H.B. 3451 passed by a wide margin in the Texas House of Representatives a month ago, but we still don't have a definitive end to the controversy in Texas raging over the hog poison known as Kaput. If anything, the situation may be even more inflamed now than it was back in April.

Frustration among opponents of the poison has simmered over the bill's lack of progress in the Texas Senate, combined with some more controversial statements by Agricultural Commissioner Sid Miller that have recently come to light.

Opponents of Kaput were riding high in Texas at the end of April after scoring two major victories.

The first came when the Texas House of Representatives passed H.B. 3451, which would prevent the use of any lethal pesticide for feral hog control until the state completed a field study assessing the agricultural and environmental impacts of the poison, by an overwhelming margin. Then, Scimetrics — the owners of the company that produces Kaput announced their decision to withdraw registration for use of Kaput in Texas.

However, H.B. 3451 is currently stalled in the Texas Senate. While the Senate Committee on Agriculture, Water and Rural Affairs had a hearing on the bill on May 8, the committee has yet to schedule a vote on it.

Indications are pretty strong that the Senate would approve H.B. 3451 and that Gov. Greg Abbott would sign it into law. However, the bill would need to make it out of committee first, and there is no guarantee that this will happen.

If H.B. 3451 does not pass the Senate and get signed into law before this session of the legislature ends May 29, the bill will die. Opponents of Kaput will then have no legislative means of stopping the use of the poison until the next session of the legislature convenes in January of 2019.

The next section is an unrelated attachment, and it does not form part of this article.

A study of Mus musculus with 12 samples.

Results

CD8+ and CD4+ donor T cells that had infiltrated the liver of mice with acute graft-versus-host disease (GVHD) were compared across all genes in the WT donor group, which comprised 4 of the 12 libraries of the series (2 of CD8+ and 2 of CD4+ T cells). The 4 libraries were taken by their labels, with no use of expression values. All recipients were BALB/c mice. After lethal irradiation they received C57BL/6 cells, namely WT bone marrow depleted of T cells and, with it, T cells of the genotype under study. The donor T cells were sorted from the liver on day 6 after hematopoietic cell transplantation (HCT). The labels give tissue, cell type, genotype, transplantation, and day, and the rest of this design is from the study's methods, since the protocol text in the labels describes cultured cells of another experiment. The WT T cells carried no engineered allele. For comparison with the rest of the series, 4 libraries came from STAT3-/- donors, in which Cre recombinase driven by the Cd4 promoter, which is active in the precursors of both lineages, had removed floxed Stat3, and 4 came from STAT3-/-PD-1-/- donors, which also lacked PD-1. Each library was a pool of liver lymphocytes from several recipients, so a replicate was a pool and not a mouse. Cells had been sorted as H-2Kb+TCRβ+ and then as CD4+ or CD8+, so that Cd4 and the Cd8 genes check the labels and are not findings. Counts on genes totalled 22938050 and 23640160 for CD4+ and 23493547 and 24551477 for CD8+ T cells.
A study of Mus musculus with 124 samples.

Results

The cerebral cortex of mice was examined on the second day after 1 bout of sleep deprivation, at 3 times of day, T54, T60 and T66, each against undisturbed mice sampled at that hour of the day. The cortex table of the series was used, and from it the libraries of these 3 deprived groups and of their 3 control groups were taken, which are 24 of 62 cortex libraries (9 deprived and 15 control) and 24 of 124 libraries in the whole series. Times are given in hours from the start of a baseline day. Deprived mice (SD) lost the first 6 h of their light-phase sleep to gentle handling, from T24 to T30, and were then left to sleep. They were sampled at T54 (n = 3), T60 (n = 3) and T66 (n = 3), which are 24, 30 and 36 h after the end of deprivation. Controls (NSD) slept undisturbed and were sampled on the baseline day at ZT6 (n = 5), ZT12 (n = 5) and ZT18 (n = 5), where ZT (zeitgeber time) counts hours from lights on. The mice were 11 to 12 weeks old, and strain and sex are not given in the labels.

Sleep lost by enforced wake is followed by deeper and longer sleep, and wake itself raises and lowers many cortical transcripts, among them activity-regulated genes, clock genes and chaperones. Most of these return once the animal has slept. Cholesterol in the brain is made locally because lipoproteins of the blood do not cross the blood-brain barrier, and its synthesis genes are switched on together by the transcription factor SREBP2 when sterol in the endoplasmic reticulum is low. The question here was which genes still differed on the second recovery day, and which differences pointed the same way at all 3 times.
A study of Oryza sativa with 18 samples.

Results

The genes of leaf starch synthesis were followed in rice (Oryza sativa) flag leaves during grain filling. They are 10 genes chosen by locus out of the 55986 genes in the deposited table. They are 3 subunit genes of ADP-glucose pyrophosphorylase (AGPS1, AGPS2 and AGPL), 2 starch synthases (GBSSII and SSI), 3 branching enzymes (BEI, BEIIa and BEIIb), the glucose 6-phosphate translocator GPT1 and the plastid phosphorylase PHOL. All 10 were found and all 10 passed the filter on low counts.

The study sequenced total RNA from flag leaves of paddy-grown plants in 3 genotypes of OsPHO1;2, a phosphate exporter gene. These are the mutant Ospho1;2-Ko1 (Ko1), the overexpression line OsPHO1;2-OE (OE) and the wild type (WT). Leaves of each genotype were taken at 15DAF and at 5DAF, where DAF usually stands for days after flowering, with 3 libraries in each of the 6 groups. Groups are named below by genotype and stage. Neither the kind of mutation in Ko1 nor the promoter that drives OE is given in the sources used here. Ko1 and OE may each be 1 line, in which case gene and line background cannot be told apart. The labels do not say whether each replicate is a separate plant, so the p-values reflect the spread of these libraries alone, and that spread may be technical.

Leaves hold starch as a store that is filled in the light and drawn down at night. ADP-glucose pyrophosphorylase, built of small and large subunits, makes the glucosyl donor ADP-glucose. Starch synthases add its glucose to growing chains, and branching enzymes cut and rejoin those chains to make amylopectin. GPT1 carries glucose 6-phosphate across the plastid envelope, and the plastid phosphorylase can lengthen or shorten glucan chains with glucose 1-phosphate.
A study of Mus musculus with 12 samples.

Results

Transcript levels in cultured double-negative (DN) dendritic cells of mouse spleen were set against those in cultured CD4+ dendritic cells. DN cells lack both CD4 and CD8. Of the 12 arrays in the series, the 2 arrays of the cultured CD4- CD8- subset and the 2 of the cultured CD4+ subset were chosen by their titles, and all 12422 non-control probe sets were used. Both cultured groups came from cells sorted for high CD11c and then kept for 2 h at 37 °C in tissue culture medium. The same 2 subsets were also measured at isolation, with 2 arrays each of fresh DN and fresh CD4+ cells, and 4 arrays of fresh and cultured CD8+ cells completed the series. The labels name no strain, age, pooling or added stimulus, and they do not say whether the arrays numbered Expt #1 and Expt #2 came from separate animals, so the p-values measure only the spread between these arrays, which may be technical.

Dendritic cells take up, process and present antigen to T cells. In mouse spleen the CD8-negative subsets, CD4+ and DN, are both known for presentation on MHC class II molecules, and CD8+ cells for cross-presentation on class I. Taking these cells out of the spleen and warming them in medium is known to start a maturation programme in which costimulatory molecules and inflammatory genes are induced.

If that were to happen, there would be nothing stopping Scimetrics from reapplying with the Agriculture Commission again in the future and using the poison against hogs in Texas for the next year and a half. So, there is a real sense of urgency from opponents of Kaput right now.

With this in mind, it's not surprising that an embarrassing recording just surfaced of Miller discussing Kaput with Bruce Hunnicutt, the owner of a hog hunting ranch.

Like many hunters and ranchers in Texas, Hunnicutt was concerned about the possible negative effects of Kaput on hunters and scavengers who consume hog meat tainted with warfarin. He met with Miller on March 3 and recorded the conversation with Miller's permission.

In that conversation, Miller brushed off Hunnicutt's concerns about the poison and the fact that the federally mandated label on Kaput warns users of the poison to recover and bury all hogs that consume it. He also appeared to suggest that the rules governing the use of Kaput are unenforceable.

In the recording, which you can listen to here, Hunnicutt says: "That product label right there says 'all animals' ... every one of them has to be recovered and put 18 inches under the ground. How you going to do that? ... How you going to find all of them, Mr. Miller?"

To which Miller replies: "I guess we should take that off the label, it's not doable. We'll take it off."

When the Environmental Protection Agency approved Kaput for use earlier this year, one of the stipulations of that approval was for Scimetrics to include those restrictions on the label and for users of the poison to abide by them. Altering the label is potentially a violation of federal law. While it is possible for a state agricultural department to request edits to the label from the EPA, the state cannot unilaterally make changes to the label, as Miller appeared to suggest.

Nobody really knows what the future holds for H.B. 3451 or Kaput in the state of Texas. While this recording of Miller may not sway any members of the Texas Senate, his comments do not look good and are certainly not helping make a case in favor of the poison either.

Only time will tell, though, and we'll probably have to wait all the way until the end of May for a more definitive answer on what will happen with Kaput.